The most common explanation I hear for supply chain issues in the economy in the US and Europe is that COVID-19 lockdown measures messed with the supply chains. 

On the other hand there seems to be a story of demand for some products having risen. How much of this is downstream of the FED and EZB printing a lot of new money to stimulate demand? 



Sumner, and I, think it's mostly real supply issues (chassis, restrictions at port of LA). The trick with the general supply chain, rather than particular supply chains, is that it affects a lot. But, as jmh says, if it were Fed-induced aggregate demand, inflation should probably be even more broad-based. And even if the increase is due to a sectoral shift in quantity demanded in goods vs. services, that's not an aggregate demand (i.e., Fed) source; the Fed doesn't control the services-money and goods-money supplies, they control the money supply.

The supply chain is subject to the bullwhip effect. Something you hear about in April 2020 (e-commerce), leads to something else in December 2020 (container shortage) to even worse in 2021.

And the market is liking what the Fed is doing in terms of mediun-term inflation expectations, suggesting this inflation is forecasted to be...transitory (I think it is helpful evidence, but it is by no means the last word):



Anecdotal and very much "impressionistic" but for me I can look at 4 consumer products and cannot think of a good reason that loose monetary policy would really be driving demand for: auto tires, black stainless steel dishwashers, brake pads and toilet paper. 

My dishwash broke maybe 8 months ago. When I go to stores to look into replacements I'm still getting a story about "we don't know when ...".

I wanted to have replacement brake pads for my car as I will be taking it in for the safety inspection and orders both front and rear from Tire Rack. I got a call from them a bit later telling me they could only provide the front pads and wanted to know if I wanted to wait to get both together, have the fronts sent and revise the order to only front or to cancel or what. While talking with the rep I asked if this was a model issue or more general supply-chain related. He was very clear that it was not just my car's model that was the problem. We also talked a little about tires. Perhaps one of the be quotes from that might be "We will order 3000 tires and when the delivery arrives it's got maybe 300."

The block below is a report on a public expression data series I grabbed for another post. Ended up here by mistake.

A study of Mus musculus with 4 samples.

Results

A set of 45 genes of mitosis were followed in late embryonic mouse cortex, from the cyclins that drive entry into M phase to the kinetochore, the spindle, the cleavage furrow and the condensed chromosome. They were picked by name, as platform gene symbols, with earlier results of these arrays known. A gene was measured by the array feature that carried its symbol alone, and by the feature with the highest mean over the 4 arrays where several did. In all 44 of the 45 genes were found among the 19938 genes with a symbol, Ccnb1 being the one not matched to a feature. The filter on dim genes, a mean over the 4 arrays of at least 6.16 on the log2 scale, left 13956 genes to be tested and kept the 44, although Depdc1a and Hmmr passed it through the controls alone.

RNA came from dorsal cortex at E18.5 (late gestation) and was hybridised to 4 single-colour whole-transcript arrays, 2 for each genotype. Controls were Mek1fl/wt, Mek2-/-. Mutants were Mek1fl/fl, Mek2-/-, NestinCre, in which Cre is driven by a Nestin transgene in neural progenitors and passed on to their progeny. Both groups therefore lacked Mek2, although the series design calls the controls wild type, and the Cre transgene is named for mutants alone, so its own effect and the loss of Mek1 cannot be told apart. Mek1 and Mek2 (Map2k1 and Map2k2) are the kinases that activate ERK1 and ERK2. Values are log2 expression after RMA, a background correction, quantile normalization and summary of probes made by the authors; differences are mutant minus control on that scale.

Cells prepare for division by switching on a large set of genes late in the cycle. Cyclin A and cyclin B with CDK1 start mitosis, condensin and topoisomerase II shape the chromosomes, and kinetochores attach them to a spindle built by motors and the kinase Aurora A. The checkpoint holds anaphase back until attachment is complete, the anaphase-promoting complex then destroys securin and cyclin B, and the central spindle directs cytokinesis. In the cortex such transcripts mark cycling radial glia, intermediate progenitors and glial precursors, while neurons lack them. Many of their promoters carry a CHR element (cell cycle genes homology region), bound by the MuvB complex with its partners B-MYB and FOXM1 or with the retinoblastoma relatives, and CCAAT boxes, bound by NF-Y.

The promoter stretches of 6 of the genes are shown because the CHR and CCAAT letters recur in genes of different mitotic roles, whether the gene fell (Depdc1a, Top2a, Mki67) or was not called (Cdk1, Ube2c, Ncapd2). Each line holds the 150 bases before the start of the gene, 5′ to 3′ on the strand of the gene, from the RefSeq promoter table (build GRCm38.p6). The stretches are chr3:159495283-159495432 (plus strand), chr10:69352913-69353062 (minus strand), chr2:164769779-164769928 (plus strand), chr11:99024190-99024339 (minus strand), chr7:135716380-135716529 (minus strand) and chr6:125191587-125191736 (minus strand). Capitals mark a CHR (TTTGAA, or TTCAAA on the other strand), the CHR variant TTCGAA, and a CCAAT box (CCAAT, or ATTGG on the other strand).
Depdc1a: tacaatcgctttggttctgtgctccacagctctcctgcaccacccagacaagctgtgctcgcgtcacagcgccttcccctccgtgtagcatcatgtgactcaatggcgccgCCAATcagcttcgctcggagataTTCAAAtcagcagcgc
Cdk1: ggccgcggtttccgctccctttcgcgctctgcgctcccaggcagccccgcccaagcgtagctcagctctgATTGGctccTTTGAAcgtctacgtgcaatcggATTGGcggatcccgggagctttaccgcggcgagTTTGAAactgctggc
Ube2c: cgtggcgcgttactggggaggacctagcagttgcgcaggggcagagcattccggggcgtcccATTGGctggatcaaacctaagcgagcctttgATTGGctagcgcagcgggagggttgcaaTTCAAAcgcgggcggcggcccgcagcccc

In the past week I was thinking I should buy another large pack of toilet paper now the supply from early (and kind of cheap type) purchases when it was a big deal were running out. Those shelves at the store I normally shop are pretty bare and only the cheap brand. That seems to have been the case for the week. Might change so....

So I can see that some of the price inflation that is attributed to the supply chain shock is probably due to monetary and fiscal policies I would suspect that is not the major explanation.


(I mean, even things not made in China sometimes have prerequisites made in China.)